I remember hearing a pastor say, "to be honest I don't pray that much."  These words surprised me because they were said by a pastor for whom I have great respect.  He is a very competent and compassionate pastor and a great preacher.  His statement about the lack of prayer also surprised me because it was said as a matter of fact not confession.  His assumption was that most pastors are active religious leaders and not contemplatives.  But I am becoming more convinced that in order to be active leaders in the world we need also to be contemplatives at prayer daily.

Follow Your Heart July 2009 I wish that I could say this balance of adequate prayer and action has been my daily practice for the past twenty-two years of ordained ministry as a Presbyterian minister.  But it hasn't. I have learned about the importance of prayer over time. The practice of prayer is essential, but too many people live active lives without adequate time for prayer–even pastors.  Maybe I should say especially pastors.  I confess that there have been some years when I have allowed myself to become too busy and too fragmented by my daily tasks.  I didn't take enough time to pray daily.

In contrast to our busyness, Jesus is our positive example.  Jesus prayed often and regularly took long periods of time for prayer.  Dallas Willard in his book, The Divine Conspiracy, concludes that if Jesus took 40 days to pray in the wilderness it might be good for each of us regularly to devote 3 or 4 days for prayer.  It's a good question to ask:  if Jesus needed so much time for prayer, why do we think we can sail through life and ministry without taking adequate time for the practice of prayer?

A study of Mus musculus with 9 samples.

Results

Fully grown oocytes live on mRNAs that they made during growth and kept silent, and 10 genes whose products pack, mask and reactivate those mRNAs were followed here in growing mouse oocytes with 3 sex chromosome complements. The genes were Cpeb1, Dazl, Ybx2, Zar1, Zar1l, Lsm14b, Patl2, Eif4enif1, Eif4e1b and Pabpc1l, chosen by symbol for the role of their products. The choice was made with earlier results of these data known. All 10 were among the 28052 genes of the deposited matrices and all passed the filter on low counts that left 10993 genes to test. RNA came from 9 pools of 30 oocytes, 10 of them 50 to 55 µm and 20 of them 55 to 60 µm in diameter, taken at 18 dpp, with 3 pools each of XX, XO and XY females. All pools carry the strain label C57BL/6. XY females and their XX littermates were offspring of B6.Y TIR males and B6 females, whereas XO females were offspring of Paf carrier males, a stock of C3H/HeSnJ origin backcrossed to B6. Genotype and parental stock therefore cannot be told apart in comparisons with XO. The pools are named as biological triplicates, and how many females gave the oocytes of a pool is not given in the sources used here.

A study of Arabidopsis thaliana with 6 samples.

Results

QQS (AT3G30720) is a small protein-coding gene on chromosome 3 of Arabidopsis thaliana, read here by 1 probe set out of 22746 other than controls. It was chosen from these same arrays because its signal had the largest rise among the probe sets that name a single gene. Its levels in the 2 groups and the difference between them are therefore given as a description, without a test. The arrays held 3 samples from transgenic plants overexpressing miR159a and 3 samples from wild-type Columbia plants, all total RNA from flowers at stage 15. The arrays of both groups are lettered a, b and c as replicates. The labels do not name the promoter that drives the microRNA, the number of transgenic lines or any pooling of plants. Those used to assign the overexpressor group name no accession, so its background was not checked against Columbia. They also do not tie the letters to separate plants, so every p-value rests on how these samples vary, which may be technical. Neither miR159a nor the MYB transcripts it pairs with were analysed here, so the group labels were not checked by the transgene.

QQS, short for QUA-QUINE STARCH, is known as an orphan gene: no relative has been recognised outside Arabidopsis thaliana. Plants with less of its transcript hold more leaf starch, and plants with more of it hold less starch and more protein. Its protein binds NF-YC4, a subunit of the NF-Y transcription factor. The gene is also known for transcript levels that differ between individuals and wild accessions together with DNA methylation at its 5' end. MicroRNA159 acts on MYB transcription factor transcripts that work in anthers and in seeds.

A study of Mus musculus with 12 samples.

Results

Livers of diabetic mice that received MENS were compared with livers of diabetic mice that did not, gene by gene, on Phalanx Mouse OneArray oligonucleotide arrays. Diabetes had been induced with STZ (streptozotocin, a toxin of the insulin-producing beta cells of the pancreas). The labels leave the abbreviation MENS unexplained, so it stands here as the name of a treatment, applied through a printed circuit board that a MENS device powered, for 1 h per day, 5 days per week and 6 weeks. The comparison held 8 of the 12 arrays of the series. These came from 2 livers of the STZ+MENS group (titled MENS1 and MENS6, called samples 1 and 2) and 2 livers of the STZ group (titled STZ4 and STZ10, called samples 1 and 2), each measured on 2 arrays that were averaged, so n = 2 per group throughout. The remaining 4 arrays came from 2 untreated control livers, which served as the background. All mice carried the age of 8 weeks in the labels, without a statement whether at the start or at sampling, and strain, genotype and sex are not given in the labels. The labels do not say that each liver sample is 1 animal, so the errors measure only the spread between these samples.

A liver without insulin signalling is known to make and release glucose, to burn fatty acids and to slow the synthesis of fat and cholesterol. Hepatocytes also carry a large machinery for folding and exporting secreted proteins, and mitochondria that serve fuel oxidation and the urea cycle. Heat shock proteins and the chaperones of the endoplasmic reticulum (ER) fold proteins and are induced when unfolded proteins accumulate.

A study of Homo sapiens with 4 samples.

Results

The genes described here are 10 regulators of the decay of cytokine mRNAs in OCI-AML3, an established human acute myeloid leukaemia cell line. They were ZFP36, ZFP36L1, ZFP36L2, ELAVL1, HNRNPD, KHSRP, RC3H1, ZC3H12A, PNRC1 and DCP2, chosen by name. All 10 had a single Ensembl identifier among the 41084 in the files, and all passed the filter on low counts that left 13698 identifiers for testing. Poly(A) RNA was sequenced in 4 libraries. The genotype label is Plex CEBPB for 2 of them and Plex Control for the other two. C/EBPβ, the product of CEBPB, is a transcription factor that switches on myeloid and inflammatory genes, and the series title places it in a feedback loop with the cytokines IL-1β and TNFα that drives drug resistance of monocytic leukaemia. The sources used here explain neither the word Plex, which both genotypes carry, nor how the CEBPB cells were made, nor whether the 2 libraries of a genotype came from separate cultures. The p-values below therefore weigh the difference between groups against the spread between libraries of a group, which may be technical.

What is your practice of prayer? Desmond Tutu writes, "Prayer and holy words can also bring us back to our love and our recognition of our connectedness.  St. Paul tells us to pray unceasingly and many Christians have used the Jesus Prayer as a way to create inner stillness at times of anger and turmoil. The form of the prayer has varied, but the most common form is, Lord Jesus Christ, Son of God, have mercy on me, a sinner. Some have suggested simply saying, Lord Jesus, have mercy, or repeating a verse from the Psalms, a quote from the Bible, or another prayer that is meaningful and significant to you and your beliefs."  (God Has a Dream, Page 80)

Ultimately, prayer is the best way to enjoy God's presence in our life.  Prayer is the way to stay connected to God and, as Desmond Tutu writes, prayer helps us recognize our connectedness to one another and all of God's good creation.  Prayer isn't an escape from our responsibilities or a way to run away from our problems, rather it is a conversation with our Maker and Sustainer about how to more fully engage the realities of life.  

I remember hearing that prayer is the language of love.  Prayer is, sometimes, speaking words to God but it is also listening.  Prayer can simply be sitting in stillness before God–without words.  Prayer is about turning our attention towards God.  The practice of prayer is an opportunity to make each day a time to partner with God.  To be a person of prayer is to know that you are not alone.  God is with us.